Over and out: Toyota Australia closed its manufacturing operations in October last year and transitioning to a sales a marketing company cost it $147 million in the last Japanese financial year.

Factory closure costs make a dent but Toyota Australia records 2017-18 profit

21 Jun 2018

TOYOTA Australia has recorded an after-tax profit of $137 million during its final financial year of local manufacturing, despite incurring significant costs as part of its manufacturing shut down.
The profit for the Japanese financial year ending on March 31, 2018, is up $38 million on the previous financial year.
As part of this year’s results, Toyota Australia incurred costs of $147 million stemming from its 2014 decision to close its Altona, Victoria, manufacturing operation in October last year.
This is on top of $131 million in costs the previous financial year as part of its transition from manufacturer to full-line importer.
The latest profit was made on total sales of 229,258 vehicles by Toyota and its luxury arm, Lexus, in Australia in 2017-18.
A total of 42,857 Toyota vehicles were built in that period, made up of 40,596 Camrys and 2261 Aurions, with 25,791 exported to markets such as New Zealand and the Middle East.
Toyota Australia president Matthew Callachor praised the company’s employees, adding that focus had shifted to emerging technologies and future regulations.
“This successful result is a testament to the dedication and commitment of the entire team here at Toyota Australia, both past and present,” he said.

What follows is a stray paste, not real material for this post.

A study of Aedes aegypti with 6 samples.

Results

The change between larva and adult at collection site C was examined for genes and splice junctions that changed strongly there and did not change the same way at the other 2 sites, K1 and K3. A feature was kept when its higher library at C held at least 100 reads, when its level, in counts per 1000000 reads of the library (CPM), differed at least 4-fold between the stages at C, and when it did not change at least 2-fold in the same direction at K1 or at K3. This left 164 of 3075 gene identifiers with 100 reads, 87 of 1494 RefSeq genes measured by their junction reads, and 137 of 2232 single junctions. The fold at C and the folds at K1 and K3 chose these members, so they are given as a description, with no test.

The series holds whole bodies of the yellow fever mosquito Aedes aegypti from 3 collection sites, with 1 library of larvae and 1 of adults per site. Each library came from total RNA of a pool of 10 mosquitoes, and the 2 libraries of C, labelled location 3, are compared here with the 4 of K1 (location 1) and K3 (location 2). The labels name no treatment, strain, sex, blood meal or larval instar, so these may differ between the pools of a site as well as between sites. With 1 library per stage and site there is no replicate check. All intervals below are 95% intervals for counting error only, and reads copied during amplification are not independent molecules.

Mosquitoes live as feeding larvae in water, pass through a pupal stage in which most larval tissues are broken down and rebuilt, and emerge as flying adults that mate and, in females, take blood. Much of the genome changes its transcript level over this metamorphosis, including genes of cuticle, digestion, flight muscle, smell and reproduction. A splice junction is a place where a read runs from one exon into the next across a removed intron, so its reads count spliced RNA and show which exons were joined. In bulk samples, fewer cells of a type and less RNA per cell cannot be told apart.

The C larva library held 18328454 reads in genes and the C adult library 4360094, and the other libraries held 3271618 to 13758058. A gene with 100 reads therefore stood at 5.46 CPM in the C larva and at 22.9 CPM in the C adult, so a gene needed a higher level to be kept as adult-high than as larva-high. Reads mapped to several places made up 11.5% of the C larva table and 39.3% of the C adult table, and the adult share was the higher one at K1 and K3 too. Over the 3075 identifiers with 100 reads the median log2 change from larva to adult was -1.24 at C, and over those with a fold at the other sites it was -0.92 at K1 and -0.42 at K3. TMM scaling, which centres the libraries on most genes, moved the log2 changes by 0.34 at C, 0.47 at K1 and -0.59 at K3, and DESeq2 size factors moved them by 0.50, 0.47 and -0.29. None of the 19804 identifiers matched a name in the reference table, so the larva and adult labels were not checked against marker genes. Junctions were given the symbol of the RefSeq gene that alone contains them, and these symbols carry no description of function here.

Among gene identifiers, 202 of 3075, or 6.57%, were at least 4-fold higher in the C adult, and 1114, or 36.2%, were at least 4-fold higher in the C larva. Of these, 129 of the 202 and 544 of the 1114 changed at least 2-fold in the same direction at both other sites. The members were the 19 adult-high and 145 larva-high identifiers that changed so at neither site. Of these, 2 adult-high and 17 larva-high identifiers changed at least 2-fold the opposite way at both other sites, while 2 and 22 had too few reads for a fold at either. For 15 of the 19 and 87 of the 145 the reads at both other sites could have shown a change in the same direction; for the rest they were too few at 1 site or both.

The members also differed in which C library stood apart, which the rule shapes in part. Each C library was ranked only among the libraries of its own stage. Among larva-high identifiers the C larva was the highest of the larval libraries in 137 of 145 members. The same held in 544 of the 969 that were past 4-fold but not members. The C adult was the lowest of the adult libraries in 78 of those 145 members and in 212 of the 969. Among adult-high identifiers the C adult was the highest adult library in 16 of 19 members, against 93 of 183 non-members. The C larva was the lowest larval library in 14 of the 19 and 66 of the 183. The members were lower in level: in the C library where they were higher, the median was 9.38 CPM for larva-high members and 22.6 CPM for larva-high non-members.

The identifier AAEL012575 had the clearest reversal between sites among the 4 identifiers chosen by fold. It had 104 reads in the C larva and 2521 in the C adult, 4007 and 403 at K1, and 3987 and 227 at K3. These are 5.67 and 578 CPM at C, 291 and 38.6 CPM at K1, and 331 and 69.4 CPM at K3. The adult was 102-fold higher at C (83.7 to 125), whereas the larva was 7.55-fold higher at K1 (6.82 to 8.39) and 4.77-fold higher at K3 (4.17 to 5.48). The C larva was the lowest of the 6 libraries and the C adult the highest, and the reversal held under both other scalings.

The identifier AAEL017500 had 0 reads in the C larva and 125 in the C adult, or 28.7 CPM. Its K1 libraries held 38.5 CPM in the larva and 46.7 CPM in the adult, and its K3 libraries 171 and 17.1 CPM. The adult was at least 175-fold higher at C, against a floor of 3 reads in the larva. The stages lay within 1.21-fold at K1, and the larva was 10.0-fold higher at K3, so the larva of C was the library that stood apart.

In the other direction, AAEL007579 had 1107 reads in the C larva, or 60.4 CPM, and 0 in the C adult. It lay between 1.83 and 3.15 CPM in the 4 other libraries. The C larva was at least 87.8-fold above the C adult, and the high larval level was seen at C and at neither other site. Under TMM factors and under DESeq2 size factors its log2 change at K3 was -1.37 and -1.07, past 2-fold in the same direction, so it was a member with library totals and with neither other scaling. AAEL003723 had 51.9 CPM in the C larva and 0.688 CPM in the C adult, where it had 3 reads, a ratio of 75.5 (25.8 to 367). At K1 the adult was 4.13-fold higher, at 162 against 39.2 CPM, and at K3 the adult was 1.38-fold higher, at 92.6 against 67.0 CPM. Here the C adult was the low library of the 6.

“We have now completed our transition to a sales, marketing and distribution business, and the fact that we have been able to increase both local sales and market share shows that our organisation is moving from strength to strength.
“Our focus has turned to the changes facing the automotive industry. We are cognisant of the impact that possible emissions regulations, autonomous vehicles and connected technology will have on the whole industry.
“Our financial results, in conjunction with our strong dealer network and our employees’ capability, will enable Toyota to successfully navigate the challenges of the future.”
Toyota was the market leader for the 2017 calendar year, clocking up 216,566 units, a 3.3 per cent increase over its 2016 result.
The HiLux pick-up was the top-selling model in Australia last year, with 47,093 sold, while the Corolla was third with 37,353 and the Camry was ninth on 23,620.
Toyota started importing the new-generation Camry from Japan in November last year in four-cylinder petrol, hybrid and V6 petrol guises.
Sales of the new Japanese-built Camry are well down on the numbers the locally built model achieved, with sales sliding by 28 per cent so far this year.
Toyota Australia has previously stated that it expected a sales dip compared with the Australia-made Camry that was propped up by generous retail discounting and large fleet purchases.
As previously reported, Toyota Motor Corporation in Japan returned to profitability in the last financial year, recording a 2.5 trillion yen ($A30 billion) after-tax profit.
The other two manufacturers that shut their factories in the last two years, Ford and Holden, recorded after-tax profits of $27 million and $156.8 million respectively in the last financial year.